Mazebook #1 is published by Dark Horse Comics. It comes from the creative team of writer and artist Jeff Lemire and letterer Steve Wands. Will is an emotionally broken man in his fifties. He sleepwalks through life doing little more than going through the same routines and daily tasks. The cause of his severe disillusionment is the loss of his eleven-year-old daughter Wendy.
Through his interior monologue, he details the mundane day-to-day activities that he pantomimes. Several people throughout the story attempt to connect with him, but to no avail. The pain of loss has left him as little more than an empty husk of a man. But something continues to bother him. A memory he can’t quite grasp ahold of. But after receiving a strange phone call, Will finds himself in pursuit of answers and a way to save his little girl.
Mazebook #1 is one of the most painfully melancholy books that I’ve ever read. Every page serves as a depressing reminder of the pain that Will feels, and Lemire really taps into parental fear with this one. Will is, essentially, a zombie. He even ruminates on how the routines that he lives within are like a kind of death all on their own. The constant thoughtless repetition that he does to avoid really thinking or feeling.
If this sounds depressing to you, then you’d be correct. This first issue is 48 pages of one man’s pain, self-loathing, and self-erasure. If that sounds a bit excessive, well, it kind of is. I love Lemire’s work and am very interested in where the story will go in the future. But with as much time spent on how absolutely rock-bottom miserable Will is, I’d be lying if I said I wasn’t concerned. But I trust Lemire and am confident in his storytelling.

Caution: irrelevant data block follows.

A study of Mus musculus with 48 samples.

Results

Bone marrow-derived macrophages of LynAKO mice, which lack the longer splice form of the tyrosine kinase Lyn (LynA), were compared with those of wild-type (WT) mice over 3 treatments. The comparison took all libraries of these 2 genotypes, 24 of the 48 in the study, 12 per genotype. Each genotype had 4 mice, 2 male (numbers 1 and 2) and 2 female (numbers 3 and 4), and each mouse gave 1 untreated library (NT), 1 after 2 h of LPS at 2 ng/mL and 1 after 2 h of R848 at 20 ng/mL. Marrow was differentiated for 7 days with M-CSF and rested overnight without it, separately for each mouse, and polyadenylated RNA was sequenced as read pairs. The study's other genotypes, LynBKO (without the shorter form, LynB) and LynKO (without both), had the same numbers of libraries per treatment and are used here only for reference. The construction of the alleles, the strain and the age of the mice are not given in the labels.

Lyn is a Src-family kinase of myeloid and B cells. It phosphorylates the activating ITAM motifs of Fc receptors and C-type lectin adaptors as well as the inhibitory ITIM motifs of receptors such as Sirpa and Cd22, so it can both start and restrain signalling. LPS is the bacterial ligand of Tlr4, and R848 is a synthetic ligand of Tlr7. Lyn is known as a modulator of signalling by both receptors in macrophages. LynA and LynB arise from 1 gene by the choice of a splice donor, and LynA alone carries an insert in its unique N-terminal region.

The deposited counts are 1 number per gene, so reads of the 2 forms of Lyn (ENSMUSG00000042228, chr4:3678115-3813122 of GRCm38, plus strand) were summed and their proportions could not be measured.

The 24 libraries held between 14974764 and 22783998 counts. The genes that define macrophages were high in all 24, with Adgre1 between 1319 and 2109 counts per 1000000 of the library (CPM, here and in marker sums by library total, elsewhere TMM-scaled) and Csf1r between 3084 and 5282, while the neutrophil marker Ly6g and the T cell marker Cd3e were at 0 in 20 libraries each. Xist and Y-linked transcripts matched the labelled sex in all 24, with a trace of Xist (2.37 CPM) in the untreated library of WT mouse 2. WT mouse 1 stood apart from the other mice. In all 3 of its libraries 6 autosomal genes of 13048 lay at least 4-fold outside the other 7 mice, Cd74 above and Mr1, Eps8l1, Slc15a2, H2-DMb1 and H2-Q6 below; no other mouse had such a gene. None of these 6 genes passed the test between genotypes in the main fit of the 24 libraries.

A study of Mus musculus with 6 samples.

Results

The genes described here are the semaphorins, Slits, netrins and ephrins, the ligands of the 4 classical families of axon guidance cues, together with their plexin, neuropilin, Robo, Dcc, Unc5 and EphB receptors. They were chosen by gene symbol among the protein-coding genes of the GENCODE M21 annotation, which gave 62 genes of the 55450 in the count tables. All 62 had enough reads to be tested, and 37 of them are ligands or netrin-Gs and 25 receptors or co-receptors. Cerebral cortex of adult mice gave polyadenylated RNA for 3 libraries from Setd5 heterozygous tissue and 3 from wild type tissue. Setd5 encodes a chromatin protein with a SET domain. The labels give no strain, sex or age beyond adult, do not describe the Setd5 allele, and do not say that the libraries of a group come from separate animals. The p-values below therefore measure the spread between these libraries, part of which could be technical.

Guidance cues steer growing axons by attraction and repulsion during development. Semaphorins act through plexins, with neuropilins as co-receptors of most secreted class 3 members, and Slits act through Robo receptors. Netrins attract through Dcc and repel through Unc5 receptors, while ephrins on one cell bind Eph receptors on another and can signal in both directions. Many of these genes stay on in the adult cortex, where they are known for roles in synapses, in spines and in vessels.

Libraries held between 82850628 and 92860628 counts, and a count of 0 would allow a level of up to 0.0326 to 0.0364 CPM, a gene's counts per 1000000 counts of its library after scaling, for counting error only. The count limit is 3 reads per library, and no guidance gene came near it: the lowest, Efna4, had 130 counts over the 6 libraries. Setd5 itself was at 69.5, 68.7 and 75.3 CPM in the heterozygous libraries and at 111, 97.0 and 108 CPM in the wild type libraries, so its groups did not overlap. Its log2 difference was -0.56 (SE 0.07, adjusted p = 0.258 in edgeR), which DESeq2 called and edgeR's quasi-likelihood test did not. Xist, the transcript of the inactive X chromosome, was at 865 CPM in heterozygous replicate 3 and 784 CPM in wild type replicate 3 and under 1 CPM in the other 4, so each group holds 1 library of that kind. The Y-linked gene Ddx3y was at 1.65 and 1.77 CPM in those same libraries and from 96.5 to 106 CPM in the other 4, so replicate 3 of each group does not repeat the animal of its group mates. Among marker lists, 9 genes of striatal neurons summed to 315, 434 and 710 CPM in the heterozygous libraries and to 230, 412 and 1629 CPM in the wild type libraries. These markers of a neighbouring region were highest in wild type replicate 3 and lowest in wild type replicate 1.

As the artist, Lemire paints a picture of a man whose life ended a long time ago. The backgrounds are drab greyscale, and the linework is rough—a brilliant visualization into Will’s mental state. Barely able to comprehend the world around him in anything more than a rough sketch. When color is introduced into the panels, it is always done so deliberately, like a message being sent to Will.
This is primarily done by using the color red, which is similar to another series I have reviewed, The Red Mother. Like in that series, it appears that the use of red is quite important to the primary conflict. Wands’ letters do a great job of adding to the overwhelming bleakness of the story. The font is simple but carries a sort of bluntness that makes conversations feel forced and gives the narration a thematically resonant “weariness.”
I’ve never read something quite as compellingly depressing as Mazebook #1. It goes to great lengths to instill a sense of hopelessness within the reader. From its heartbreaking premise to its drab, sketchbook-art world, everything feels tailored to make the reader experience Will’s painful ennui. I’m not sure what kind of story it will be going forward, but the atmosphere of this first issue is so oppressive and effective that I know it will be emotional. If you’re a fan of haunting stories with family drama and a little fantasy, then this is for you.
Mazebook #1 will be available wherever comics are sold.
From its heartbreaking premise to its drab, sketchbook-art world, everything feels tailored to make the reader experience Will’s painful ennui. I’m not sure what kind of story it will be going forward, but the atmosphere of this first issue is so oppressive and effective that I know it will be emotional. If you’re a fan of haunting stories with family drama and a little fantasy, then this is for you.